NH: What is Troy Town, how did it start and where do you want to take it? 


AA: Troy Town started in 2014 to address what I saw as a lack of craft within artists’ ceramics, and conversely to address what I saw as lack of coherent taste and sophisticated image-making within craft proper (on the whole!). We try to advance ceramics as a good material for art-making by meeting somewhere in the middle. It has always been my studio, too, so the programme has generally been led by whatever I am interested in exploring. We fire with gas and wood and offer a unique prospect to artists in London wishing to work with ceramics. Over the years, the pottery has grown into an important resource for artists in London, a training centre for local young people, and a popular shop selling fine reduction-fired stoneware to support our artist programme.

Things are changing at Troy Town, we are about to hire a studio manager to work under me for the first time, so I will eventually be able to run the place like an artistic director. Alongside our artist residency programme, we run a youth programme which trains local young people to produce artisanal terracotta pottery for the garden. In the coming years, we would like to work toward a physical expansion of our space to accommodate more youth work and other outreach programme…



NH: Why are you so passionate about Anglo-Japanese pottery specifically? How did this come about? What first attracted you to this specific genre of ceramics?

AA: I suppose the main thing to say is that this is a style and process which is possible in the city, but is much elevated in comparison to electric kiln firing, which (mainly!) yields flaccid, cold, results. I don’t see the purpose of ceramicists producing work containing the same banal surface treatments one can find in Ikea or Liberty. So, firing with gas reduction, and using ash glazes and other classical Japanese and Chinese glazes is something appealing to me and other artists who have used Troy Town. 

We are a space for artist sculpture but in a backwards kind of way we became a normal pottery on the side, and now produce a lot of fine teaware and other ware which is broadly in the mashiko-yaki tradition, though with a lot of shino work, oribe, etc too, which is not typical. 

NH: Can you tell us more about the process and materials and technique used to make this specific collection of pots with Naum House? Why do you choose to fire with charcoal and wood as opposed to electricity?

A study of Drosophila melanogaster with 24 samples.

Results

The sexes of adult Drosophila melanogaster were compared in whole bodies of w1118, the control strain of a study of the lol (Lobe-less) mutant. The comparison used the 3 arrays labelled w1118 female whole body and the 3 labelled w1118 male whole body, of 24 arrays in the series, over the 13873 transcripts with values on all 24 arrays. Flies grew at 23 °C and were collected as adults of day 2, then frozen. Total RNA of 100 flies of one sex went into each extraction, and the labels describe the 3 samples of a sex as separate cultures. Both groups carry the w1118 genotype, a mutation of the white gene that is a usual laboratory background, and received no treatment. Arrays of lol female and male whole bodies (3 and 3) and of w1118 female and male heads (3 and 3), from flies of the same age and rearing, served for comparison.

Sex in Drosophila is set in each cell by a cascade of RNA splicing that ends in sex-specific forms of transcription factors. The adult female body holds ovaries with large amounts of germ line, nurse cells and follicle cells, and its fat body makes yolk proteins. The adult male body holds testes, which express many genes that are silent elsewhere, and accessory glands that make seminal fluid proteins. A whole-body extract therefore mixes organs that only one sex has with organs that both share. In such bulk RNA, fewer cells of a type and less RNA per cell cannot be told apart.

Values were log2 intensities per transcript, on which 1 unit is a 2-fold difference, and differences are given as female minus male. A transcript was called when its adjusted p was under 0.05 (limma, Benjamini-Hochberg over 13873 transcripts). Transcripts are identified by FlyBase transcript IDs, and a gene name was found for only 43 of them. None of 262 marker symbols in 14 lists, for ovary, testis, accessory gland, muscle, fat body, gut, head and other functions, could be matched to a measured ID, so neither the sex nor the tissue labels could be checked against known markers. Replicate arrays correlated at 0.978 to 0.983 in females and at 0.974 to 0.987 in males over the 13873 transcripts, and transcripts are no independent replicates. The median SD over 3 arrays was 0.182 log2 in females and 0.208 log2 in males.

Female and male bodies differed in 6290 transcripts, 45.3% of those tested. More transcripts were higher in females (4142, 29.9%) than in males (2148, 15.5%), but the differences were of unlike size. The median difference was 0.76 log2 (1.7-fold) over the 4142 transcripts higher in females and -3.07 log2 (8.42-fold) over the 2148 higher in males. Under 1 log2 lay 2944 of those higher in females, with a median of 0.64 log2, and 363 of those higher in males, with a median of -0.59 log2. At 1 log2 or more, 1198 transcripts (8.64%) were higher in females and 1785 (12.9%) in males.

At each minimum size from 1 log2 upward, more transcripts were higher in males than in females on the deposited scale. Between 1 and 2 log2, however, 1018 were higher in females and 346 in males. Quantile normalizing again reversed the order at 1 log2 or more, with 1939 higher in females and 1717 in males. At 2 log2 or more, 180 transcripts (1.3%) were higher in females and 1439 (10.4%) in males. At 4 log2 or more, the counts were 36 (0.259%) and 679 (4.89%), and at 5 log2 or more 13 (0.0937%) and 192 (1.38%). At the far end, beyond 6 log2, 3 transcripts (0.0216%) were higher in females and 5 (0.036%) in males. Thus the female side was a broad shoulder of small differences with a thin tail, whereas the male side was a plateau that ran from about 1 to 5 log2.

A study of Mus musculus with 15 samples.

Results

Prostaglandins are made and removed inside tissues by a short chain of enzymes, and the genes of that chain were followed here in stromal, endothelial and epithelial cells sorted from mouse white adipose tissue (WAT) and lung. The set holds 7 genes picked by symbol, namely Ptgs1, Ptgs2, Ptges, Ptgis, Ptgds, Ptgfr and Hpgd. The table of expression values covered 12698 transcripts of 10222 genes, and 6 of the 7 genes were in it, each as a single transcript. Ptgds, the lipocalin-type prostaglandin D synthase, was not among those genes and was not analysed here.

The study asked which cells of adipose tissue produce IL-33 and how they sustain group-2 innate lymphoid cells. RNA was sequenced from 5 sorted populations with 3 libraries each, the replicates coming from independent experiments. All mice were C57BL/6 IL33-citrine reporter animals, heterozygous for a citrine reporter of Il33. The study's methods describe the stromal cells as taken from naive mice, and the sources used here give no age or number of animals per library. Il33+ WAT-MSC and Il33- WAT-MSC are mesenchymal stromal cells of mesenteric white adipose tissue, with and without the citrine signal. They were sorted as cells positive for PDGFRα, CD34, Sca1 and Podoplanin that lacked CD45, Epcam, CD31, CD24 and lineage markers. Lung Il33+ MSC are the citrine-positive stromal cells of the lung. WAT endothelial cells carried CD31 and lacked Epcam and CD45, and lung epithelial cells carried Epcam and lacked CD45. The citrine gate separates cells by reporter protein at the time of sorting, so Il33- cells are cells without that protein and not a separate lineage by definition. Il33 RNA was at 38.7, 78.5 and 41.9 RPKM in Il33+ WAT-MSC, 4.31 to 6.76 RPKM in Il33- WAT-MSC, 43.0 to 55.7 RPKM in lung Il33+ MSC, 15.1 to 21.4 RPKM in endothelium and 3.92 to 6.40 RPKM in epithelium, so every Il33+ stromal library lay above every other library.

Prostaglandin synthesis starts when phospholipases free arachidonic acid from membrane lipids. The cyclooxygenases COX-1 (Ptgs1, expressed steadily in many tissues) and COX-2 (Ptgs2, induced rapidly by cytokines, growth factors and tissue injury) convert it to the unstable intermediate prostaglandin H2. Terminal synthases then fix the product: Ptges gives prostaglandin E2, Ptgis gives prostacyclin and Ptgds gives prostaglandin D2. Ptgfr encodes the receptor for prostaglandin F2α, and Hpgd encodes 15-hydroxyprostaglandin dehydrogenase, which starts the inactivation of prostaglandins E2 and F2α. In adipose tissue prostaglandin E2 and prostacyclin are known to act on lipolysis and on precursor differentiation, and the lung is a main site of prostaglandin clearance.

AA: The ‘chun’ glaze on these pieces is based around the use of apple ash in the glaze body - we burnt only coppiced apple wood in our wood-burner for the last two winters, to produce a 10-kilo supply of this material. Chun is a classical Chinese glaze which has been reverse-engineered here to work with western materials. It has an extremely subtle blue tinge to the ash-white base, which is a result of structural colour (reflection) in the glaze surface, rather than a dyed glaze.

NH: How did you learn these methodologies?

AA: Books, secrets, endless trial and error, wasted time, wasted money, dead ends, back breaking labour…

NH: How does your art practice influence your approach to creating functional vessels? 

AA: I only learned to throw on the wheel when I was making a piece of work that required multiple cylinders and curved walls I learned to throw cylinders and then realised I could throw pots…. the early ones are very bad of course but it quickly became a good way to support our programmes, especially during the pandemic. It’s quite straightforward - if you make a product that is better than 90 percent of what is available in the shops, even in a place like London, and sell it for a good price, people will buy it. In terms of influence, my work itself has always been influenced in part by the more ‘extreme’ wares of Iga-yaki and Shigaraki-yaki from Momoyama-period Japan, so the jump is natural although I do not consider pots my work. I consider it to be design work, which is increasingly produced by others under my direction. 

NH: What are a few of your favourite books on ceramics? 

AA: There aren’t many good ceramics books in the English language apart from a few technical ones…most of them teach people to competently make quite awful work. One exception would be Phil Rogers’ Throwing Pots. I also really like a series called Nippon toji zenshu (a pageant of Japanese Ceramics) published in Tokyo in the early 70s. It covers all the major regional traditions with beautiful selections and incredible photographic reproduction for the time.


NH: If you could get any artist dead or alive to do a residency, who would it be and why? 

AA: Kato Tokuro, mainly so I could pick his brains about kiseto glazes.

NH: Anything exciting coming up in the Troy Town orbit?

AA: Our next sales will be in late October and again around Christmas, and we will be reopening our artist residency programme soon. We are currently exploring structured giving from individuals to support Troy Town for a 2-year commitment, with the potential for further support for a future capital project.